Hundreds of New UK Lawmakers Gather to Be Sworn in After Dramatic Election

LONDON (AP) —
From left, Reform UK MP, Lee Anderson, Reform UK leader, Nigel Farage, Reform UK chairman, Richard Tice, and Reform UK MP, Rupert Lowe, arrive at the House of Commons in Westminster, central London, Tuesday. (Maja Smiejkowska/PA via AP)

Hundreds of newly elected lawmakers trooped excitedly into Parliament on Tuesday after the U.K.’s transformative election brought a Labour government to power.

The halls of the labyrinthine building echoed with excited chatter as the 650 members of the House of Commons gathered — 335 of them arriving for the first time. That compares to 140 new lawmakers after the last election in 2019.

The seat of British democracy took on a back-to-school feel, from the rows of lockers temporarily installed in wood-paneled corridors to the staff holding “Ask Me” signs ready to help bewildered newcomers.

The new House of Commons includes the largest number of women ever elected — 263, some 40% of the total — and the most lawmakers of color, at 90.

The youngest new lawmaker is Labour’s Sam Carling, 22. He is one of 412 Labour legislators elected last week who will cram onto green benches on the government side of the House of Commons.

Opposite them will be a shrunken contingent of 121 Conservatives, a vastly increased number of Liberal Democrats, 72 strong, and a smattering of representatives from other parties including the environmentalist Green Party and the anti-immigration Reform UK.

Even as the newcomers arrived, lawmakers who lost their seats last week were carting away the contents of their offices in boxes and suitcases.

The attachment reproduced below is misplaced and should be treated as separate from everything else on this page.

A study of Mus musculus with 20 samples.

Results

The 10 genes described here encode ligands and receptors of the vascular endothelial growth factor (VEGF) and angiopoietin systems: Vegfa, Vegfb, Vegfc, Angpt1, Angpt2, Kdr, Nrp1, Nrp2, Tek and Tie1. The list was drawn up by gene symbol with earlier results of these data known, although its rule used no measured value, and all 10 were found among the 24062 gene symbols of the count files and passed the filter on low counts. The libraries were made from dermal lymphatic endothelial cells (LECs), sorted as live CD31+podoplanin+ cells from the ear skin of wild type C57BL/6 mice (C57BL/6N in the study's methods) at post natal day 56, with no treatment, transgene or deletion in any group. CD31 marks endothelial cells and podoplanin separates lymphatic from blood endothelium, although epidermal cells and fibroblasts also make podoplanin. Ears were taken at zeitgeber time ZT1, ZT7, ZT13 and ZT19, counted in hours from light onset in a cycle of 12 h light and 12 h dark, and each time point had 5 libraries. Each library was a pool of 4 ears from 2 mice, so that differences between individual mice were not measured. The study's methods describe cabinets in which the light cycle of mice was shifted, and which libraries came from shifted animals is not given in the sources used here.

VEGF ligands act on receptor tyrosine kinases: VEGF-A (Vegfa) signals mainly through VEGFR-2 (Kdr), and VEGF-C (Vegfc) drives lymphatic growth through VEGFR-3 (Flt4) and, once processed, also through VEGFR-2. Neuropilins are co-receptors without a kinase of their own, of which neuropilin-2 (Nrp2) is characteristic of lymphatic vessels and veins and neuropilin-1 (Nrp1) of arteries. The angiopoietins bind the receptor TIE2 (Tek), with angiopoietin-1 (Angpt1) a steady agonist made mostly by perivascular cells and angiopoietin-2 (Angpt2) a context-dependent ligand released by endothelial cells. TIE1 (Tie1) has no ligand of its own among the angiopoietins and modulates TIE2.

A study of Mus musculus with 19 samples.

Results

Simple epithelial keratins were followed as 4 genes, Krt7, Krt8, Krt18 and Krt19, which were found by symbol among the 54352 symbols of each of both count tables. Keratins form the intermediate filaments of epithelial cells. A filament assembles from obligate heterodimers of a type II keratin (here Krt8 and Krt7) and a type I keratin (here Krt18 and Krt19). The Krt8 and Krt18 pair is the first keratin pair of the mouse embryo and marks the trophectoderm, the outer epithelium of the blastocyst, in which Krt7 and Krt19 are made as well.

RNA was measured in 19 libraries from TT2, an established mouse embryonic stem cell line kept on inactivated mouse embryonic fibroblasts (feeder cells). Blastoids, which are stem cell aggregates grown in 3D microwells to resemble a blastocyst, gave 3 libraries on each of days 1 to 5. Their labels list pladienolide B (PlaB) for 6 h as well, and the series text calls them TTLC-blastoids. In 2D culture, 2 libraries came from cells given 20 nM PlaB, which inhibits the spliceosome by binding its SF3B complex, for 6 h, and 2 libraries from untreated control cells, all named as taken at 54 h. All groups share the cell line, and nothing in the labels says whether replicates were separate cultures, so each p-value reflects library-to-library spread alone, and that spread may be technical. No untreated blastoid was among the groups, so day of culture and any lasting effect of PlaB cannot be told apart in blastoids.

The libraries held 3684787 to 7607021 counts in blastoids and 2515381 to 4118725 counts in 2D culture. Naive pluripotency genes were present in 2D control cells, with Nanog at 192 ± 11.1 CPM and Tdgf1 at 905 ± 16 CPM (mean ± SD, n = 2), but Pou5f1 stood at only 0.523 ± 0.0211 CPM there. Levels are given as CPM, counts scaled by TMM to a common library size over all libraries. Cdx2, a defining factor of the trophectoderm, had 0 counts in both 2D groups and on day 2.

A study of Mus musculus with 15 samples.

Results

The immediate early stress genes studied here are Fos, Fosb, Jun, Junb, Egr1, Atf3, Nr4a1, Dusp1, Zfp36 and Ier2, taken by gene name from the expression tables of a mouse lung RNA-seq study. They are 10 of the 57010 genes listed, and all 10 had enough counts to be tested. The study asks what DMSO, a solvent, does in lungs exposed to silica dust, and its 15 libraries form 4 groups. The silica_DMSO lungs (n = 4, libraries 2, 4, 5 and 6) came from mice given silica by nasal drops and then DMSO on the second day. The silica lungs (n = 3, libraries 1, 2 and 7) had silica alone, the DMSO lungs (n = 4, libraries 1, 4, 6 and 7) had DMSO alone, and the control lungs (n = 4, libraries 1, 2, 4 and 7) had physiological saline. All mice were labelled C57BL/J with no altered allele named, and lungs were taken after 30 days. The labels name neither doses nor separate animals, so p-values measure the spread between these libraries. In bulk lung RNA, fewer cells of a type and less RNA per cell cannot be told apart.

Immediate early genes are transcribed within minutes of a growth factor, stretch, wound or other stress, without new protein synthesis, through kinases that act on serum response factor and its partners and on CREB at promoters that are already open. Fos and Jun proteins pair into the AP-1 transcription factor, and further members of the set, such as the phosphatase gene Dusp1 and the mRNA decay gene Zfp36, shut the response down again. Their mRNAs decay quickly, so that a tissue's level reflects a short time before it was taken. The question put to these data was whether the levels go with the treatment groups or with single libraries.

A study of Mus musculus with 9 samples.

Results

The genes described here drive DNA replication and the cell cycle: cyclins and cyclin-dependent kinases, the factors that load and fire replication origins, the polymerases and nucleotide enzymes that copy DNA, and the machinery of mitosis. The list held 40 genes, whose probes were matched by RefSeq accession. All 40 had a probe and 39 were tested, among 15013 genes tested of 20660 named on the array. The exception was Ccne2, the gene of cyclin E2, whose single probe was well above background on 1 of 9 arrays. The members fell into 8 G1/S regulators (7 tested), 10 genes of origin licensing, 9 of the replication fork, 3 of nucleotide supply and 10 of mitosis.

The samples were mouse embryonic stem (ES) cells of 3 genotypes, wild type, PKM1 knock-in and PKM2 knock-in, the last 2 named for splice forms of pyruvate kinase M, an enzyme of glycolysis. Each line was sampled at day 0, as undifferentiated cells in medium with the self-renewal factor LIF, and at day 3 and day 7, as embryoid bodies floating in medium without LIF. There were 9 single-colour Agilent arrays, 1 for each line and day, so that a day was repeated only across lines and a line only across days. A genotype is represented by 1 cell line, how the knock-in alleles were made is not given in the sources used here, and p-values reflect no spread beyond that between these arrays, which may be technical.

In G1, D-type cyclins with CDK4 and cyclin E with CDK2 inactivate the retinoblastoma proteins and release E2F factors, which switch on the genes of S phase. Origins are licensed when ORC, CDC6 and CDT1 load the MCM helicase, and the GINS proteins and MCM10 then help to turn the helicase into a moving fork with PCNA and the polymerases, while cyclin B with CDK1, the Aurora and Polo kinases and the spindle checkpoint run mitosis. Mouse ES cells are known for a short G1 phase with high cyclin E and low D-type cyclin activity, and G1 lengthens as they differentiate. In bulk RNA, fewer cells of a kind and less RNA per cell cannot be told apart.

The first task for lawmakers will be electing a speaker to oversee the business of the House of Commons and try to keep the often unruly assembly in line.

The speaker is chosen from the ranks of lawmakers and sets his or her party affiliation aside while they fill the impartial role.

Lindsay Hoyle, who has held the speaker’s post since 2019, is expected to be reelected.

The speaker-elect is taken to the House of Lords by an official known as Black Rod to receive Royal Approbation, the formal approval of King Charles III.

Back in the Commons, the winner will feign reluctance and be dragged to the speaker’ chair by colleagues – a tradition dating back to the days when speakers could be sentenced to death if they displeased the monarch.

Once a speaker is in place, lawmakers will be sworn in, taking an oath of allegiance to the king and “his heirs and successors.” Members can swear on a religious text of their choice or make a non-religious affirmation. They must take the oath in English first, and can repeat it in Welsh, Ulster Scots, Irish Gaelic, Scottish Gaelic or Cornish.

The longest-serving lawmaker, known as the father or mother of the House, is sworn in first, followed by Prime Minister Keir Starmer and the Cabinet, senior members of the official opposition and then remaining lawmakers in order of their length of service.

There are also seven lawmakers from Irish nationalist party Sinn Fein, who refuse to swear loyalty to the Crown and do not take their seats to protest U.K. control over Northern Ireland.

After all MPs are sworn in — a task expected to take several days — the House of Commons will rise until July 17, when a new session will formally start with the State Opening of Parliament.

The new government will set out its legislative plans for the coming year in a speech read by the king from atop a golden throne.

The King’s Speech is expected to include plans to establish a publicly owned green power company called Great British Energy, change planning rules to allow more new homes to be built and nationalize Britain’s delay-plagued railways.

Holding the government to account will be a much-reduced Conservative Party led, temporarily at least, by former Prime Minister Rishi Sunak. He will serve as leader of the opposition until the party picks a replacement.